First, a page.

LONDON — WPP shareholders expressed their disquiet around executive pay and how the marketing holding group has handled the departure of former CEO Sir Martin Sorrell at the holding company’s AGM this week.

Nearly 30% of shareholders voted against the company’s executive pay report, and, in a smaller protest, 16.6% voted against reappointing WPP chairman Robert Quarta to the board.

The AGM — WPP’s first without Sorrell for 33 years — was reported as being “lively”, with questions raised around Sorrell’s alleged misconduct, including payment of sex workers in petty cash and mistreatment of junior staff. Sorrell strenuously denies the allegations.

Quarta said that due to legal reasons he could not say anything more on the matter, although he added that the company was reviewing its policies around appropriate behaviour towards employees.

Sir John Hood, who heads WPP’s pay committee, told the meeting that bonuses would be capped at eight times base remuneration, leading to shouts from some shareholders that it was “too high”. Others queried Sorrell’s termination package from WPP, as well as his 2016 salary package, worth around £70 million, with one shareholder reported as calling it “obscene”.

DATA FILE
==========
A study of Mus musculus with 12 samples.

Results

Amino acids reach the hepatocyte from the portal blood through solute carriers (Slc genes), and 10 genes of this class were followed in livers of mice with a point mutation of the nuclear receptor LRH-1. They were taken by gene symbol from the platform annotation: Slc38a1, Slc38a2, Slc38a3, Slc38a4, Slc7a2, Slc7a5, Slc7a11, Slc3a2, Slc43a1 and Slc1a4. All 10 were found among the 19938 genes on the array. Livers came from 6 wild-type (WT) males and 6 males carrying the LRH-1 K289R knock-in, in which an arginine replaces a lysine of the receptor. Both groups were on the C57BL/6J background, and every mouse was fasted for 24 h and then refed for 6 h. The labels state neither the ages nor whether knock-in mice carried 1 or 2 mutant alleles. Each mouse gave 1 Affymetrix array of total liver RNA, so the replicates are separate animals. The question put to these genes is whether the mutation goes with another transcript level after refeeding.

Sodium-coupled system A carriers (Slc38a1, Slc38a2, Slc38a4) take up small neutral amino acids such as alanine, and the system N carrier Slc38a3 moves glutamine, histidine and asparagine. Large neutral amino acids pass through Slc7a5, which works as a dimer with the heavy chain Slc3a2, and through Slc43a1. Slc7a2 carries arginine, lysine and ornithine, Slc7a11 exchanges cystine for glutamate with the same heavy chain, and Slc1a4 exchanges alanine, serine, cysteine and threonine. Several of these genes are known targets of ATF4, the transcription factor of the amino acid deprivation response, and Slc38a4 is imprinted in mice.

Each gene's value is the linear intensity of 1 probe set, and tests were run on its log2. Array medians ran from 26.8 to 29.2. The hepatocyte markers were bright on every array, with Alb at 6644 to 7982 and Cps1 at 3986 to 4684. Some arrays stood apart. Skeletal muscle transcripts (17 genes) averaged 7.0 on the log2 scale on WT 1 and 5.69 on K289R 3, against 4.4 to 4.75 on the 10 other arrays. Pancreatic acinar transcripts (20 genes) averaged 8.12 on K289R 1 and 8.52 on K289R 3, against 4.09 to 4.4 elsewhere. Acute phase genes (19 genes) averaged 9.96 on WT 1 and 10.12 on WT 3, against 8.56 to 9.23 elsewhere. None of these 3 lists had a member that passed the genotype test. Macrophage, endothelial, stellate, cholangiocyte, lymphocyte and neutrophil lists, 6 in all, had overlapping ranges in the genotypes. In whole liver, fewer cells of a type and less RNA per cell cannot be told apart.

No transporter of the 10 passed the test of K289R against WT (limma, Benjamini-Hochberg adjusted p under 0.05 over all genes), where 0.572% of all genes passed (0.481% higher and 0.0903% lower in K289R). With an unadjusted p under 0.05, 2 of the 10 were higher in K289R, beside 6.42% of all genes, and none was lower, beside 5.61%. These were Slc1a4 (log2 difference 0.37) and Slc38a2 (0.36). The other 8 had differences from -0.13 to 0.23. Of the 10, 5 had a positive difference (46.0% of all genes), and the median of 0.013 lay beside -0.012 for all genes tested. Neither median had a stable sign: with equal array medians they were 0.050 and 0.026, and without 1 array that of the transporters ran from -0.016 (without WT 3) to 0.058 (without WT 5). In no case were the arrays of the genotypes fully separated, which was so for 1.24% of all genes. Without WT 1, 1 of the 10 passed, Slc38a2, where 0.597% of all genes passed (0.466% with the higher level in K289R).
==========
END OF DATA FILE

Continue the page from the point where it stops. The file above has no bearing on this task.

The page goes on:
After resigning in April, Sorrell announced this month that he was setting up a new venture, S4 Capital, which would be an international communications services company. Quarta noted at the AGM that Sorrell had said he would not compete directly with WPP.

Quarta also said that the search for a successor to Sorrell was “rapidly” moving ahead but it was unlikely there would be an announcement this month. It is thought that Mark Read, currently WPP’s co-chief operating offer, is the front runner for the job.

In response to ongoing speculation about the break-up of WPP, Read and Quarta both insisted that the £15.4bn company could continue in its current form. Read said at the meeting that WPP needed to find a “new beating heart” and would succeed without Sorrell.

Read also sent a note to all WPP employees this week with the emphasis on creating a workplace where there was mutual respect at all levels of the business. In the memo he said: "Although we can’t comment on specific allegations, I feel we should remind ourselves of and reinforce the kind of values we want and need to have within every part of our business: values of fairness, tolerance, kindness and – again – respect... We all want WPP and its agencies to continue to be home to the world’s best talent, which means creating a positive, supportive and inclusive culture in every office."